After what seemed like an endless wait- here we are! Milan is absolutely beautiful and it shocked me how one city can appear both vintage and modern all at once. On our way back from the airport, I noticed that at first glance, the roads seemed similar to the United States’ highways. However, when I looked closer, I realized that the roads were much narrower with two lanes on both sides. Sometimes, we passed mountains that we assumed were the alps because we’re in northern Italy. On the sides of the roads, there was much more greenery than I would normally see in the states. There was also an absence of flashy advertisements that we usually witness on billboards while driving on the highway. Once we hit the city though, I began to notice advertisements similar to those in the states, but of course, for different companies and in Italian. I was surprised when I didn’t see any exit signs like we usually expect for rest stops and gas stations. Then, I realized that the gas stations are on the side of the highway and no exit is necessary.
As I mentioned above, I’ve never witnessed such varied architecture in any city before. Milan’s apartments carry a vintage look which we may expect to find in Europe decades ago. These apartments have balconies with growing greenery that add to their already beautiful display. When we walked around Milan’s neighborhoods, each apartment had similar styles with slight differences such as the color. American architecture draws less on this older, vintage style influence. Even though apartments may have a similar setup, they have a more modern looking influence than the ones we observed in Milan. An obvious similarity in both Milan’s and American architecture was the corporate buildings downtown that mimic contemporary architecture. The buildings in Milan, such as the bank looked similar to the architecture that we would expect in large downtowns in the states.
As we drove to the hotel from the airport and walked the neighborhoods of Milan, I paid specific attention to how Italians may dress differently than Americans. I noticed less differences than I expected to between the style of clothing. In the states, women typically wear scarves as an accessory and men tend to avoid this fashion for themselves. When I saw the male passenger on the flight to Italy with a scarf on, I assumed that scarves were a common trend among Italian men. It turned out that I assumed this style correctly because I witnessed more men with scarves once we landed. In addition, Italian women tended to dress with a slightly higher elegance than American women. A majority of women wore dresses and skirts or fancy tops with more formal pants. Some did wear jeans, however, it’s more common to see women dress more casually in the states than in Italy.
The most significant difference between Italian and American culture that I witnessed so far was meal time. We spent two hours at the restaurant during lunch which is the longest that I have ever spent on a meal. In all honesty, it was an experience worth a lifetime. Even though we were exhausted after over 24 hours of no bed to sleep on, I enjoyed spending time with my Plus 3 friends. After we finished the bruschetta and pasta, we never expected an entire other course of food. The waiters arrived with three plates of meat and a specially prepared plate of grilled vegetables for me since I am a strict vegetarian. I truly appreciated their accommodations. We could barely get through this course and I think the waiters were a little surprised at how little of the third course we actually ate. We ended the meal with coffee, which is not a norm for meals in America. In all honesty, after the exhausting travel time, the caffeine helped us energize at least until we returned to the hotel. The coffee in Italy tastes more authentic than in America, perhaps because it is usually black coffee without sugar and cream added unless you order a cappuccino. Even with a cappuccino, the only extra ingredient is steamed milk. Italian meals include more than the standard appetizer, main course, and dessert tradition that America follows. Our first meal in Italy was definitely a unique introduction to our future meals.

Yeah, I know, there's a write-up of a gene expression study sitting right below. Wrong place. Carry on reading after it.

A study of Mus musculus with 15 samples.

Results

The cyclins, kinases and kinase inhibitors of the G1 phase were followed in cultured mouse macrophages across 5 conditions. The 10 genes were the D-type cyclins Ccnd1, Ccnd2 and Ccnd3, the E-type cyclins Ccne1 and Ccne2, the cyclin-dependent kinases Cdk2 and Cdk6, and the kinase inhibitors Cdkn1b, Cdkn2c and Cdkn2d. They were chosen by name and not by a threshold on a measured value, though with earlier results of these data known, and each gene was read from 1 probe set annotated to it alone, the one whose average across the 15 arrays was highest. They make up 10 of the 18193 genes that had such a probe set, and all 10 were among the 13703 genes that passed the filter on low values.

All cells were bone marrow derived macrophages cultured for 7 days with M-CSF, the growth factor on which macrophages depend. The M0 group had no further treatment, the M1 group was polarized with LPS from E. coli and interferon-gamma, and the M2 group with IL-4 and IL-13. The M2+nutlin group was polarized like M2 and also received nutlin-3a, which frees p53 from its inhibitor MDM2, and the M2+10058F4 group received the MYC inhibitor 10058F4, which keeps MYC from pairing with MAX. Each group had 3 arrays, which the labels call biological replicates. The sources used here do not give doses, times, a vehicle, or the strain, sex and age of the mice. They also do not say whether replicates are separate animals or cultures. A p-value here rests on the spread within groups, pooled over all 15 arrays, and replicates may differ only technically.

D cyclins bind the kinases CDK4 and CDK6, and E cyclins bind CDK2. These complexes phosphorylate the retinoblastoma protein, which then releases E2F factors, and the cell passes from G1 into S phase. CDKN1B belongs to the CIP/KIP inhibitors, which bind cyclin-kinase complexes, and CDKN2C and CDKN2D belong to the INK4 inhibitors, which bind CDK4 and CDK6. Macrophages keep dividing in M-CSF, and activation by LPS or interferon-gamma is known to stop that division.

From the flight, to the bus ride, to the hotel, to our meal, and finally the walk around Milan, I discovered the beginnings of Italian culture and how it varies from our culture back home. With these differences, I realized that this world is so much bigger than we assume. We often live with little desire to step outside of our bubble in America and delve into other cultures. It will definitely take time to get used to these differences, but I know that in the end, understanding other cultures will absolutely be worth this adjustment. From just day one, I can already tell that this trip is such a unique opportunity and I cannot wait to explore more. Until next time- Ciao!